SOCIAL MEDIA savvy
Admittance of electronic and social media evidence in divorce court can differ from state to state. Jaliz Maldonado, a National Law Review contributing author, notes the use of social media has become so "ubiquitous," its practically unavoidable in today's courtroom.
Maldonado points out that being an attorney in the 21st Century demands a high level of social media savvy. Understanding the law is no longer enough. It's imperative that attorneys account for "Facebook or Twitter posts, direct messages, Instagram photos, and countless other potentially damming evidence during divorce cases."
Web Preserver, a Chrome Extension used by attorneys and investigators, captures web and social media pages in addition to videos and whole websites for use as admissible evidence in court. Back in Feb. 2019, Web Preserver found the following:
- 81% of attorneys come across significant social media evidence to present in court
- 66% of divorce cases utilize Facebook as a primary source of evidence
- One-third of all legal actions initiated in divorce court are precipitated by nefarious social media/digital conduct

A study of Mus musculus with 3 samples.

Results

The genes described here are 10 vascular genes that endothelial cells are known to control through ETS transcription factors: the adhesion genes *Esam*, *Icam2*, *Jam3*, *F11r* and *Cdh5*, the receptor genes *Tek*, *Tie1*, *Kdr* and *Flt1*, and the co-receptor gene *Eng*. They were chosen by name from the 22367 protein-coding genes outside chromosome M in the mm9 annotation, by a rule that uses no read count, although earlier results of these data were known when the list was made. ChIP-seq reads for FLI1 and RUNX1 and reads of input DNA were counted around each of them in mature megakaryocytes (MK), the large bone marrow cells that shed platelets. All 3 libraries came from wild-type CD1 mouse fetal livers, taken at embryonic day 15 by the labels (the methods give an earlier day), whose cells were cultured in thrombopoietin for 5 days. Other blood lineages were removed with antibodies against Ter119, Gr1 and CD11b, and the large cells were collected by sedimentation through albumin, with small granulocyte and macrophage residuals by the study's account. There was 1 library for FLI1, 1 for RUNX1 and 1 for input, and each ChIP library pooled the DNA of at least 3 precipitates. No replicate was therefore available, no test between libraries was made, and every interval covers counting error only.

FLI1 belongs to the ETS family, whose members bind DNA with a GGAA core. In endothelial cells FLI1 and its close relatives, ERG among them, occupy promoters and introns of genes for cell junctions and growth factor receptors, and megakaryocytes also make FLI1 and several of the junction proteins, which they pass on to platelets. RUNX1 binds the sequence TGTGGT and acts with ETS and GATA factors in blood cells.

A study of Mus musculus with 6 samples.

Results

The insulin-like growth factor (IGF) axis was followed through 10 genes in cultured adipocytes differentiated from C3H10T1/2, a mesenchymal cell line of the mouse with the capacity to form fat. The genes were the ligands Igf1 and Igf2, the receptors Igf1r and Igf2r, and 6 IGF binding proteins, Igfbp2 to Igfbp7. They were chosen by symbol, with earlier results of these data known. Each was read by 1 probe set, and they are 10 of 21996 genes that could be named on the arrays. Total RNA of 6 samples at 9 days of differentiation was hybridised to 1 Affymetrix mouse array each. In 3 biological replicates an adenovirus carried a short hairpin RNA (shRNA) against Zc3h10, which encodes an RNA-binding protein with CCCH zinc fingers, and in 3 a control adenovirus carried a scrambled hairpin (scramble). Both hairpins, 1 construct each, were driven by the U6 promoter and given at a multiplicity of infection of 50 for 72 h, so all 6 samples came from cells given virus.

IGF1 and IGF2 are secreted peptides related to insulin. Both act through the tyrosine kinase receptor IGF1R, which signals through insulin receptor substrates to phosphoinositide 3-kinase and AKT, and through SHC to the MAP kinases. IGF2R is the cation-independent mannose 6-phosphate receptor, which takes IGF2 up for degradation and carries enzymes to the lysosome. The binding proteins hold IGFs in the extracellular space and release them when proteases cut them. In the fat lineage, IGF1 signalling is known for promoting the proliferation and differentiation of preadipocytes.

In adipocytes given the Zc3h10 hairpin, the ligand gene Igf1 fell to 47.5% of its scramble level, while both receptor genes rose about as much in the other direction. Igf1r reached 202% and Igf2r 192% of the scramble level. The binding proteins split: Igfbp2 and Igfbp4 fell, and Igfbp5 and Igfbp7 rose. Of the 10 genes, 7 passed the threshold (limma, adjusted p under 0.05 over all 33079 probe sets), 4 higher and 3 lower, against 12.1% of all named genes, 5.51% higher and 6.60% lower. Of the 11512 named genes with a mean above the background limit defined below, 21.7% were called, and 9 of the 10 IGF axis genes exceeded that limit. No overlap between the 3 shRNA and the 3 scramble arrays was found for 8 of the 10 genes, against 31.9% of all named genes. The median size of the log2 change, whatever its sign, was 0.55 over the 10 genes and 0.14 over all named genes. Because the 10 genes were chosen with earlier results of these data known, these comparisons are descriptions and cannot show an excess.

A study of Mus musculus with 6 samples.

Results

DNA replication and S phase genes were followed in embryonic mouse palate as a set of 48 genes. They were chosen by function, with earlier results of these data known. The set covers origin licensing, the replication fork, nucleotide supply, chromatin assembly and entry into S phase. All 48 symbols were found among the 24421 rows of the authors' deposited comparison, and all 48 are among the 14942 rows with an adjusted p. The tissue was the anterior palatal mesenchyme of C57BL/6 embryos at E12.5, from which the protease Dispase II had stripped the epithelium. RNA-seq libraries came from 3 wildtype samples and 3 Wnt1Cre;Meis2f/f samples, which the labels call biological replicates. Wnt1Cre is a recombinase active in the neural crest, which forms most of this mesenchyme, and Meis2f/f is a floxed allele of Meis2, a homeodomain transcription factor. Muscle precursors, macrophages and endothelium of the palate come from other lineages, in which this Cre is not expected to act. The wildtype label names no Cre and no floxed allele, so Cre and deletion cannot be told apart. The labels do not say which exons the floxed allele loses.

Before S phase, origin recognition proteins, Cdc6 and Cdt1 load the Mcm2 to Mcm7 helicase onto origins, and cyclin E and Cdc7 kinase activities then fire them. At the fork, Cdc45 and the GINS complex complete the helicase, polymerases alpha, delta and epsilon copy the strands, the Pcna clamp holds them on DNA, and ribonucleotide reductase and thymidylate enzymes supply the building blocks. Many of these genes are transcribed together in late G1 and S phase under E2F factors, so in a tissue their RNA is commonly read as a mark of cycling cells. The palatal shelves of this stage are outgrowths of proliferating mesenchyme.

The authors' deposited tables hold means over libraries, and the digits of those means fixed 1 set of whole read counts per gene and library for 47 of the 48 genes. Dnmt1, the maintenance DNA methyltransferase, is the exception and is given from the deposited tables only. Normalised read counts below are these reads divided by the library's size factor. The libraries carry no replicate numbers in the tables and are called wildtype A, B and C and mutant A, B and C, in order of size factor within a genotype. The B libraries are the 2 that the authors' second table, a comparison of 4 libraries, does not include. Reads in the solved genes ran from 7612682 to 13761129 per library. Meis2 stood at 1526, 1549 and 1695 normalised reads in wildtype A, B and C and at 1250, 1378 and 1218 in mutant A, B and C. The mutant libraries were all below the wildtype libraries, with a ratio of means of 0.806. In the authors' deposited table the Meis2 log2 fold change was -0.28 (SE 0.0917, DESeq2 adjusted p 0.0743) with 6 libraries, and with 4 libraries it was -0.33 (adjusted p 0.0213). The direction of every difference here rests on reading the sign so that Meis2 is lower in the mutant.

Generally speaking, a spouse's social media profiles are admissible evidence in divorce proceedings if they were procured in concert with the law.
Should an estranged spouse create a fake social media account for the purpose of 'friending' their soon-to-be ex, any evidence gathered by the party is inadmissible.
According to Divorce Magazine, 30% of marriages will end due to a Facebook-related issue. In these instances, posts, comments, and photos inevitably become evidence.
[So] long as a party can properly 'authenticate' Facebook posts or messages—meaning establishing the messages as having been originated by that particular party at a particular time that is relevant to the proceeding—the court will consider such evidence all day long, and, in fact, such evidence is starting to have a substantial outcome on the cases in which they’re introduced. -Russel J. Frank, Esq.
Given Facebook's power to significantly alter the outcome of divorce proceedings in other states, we wondered where Idaho stood on the issue. We were unable to confirm the Gem State's policy regarding Facebook evidence in divorce court proceedings. Do you know? Enlighten us with your Idaho divorce court/Facebook savvy by emailing email@example.com!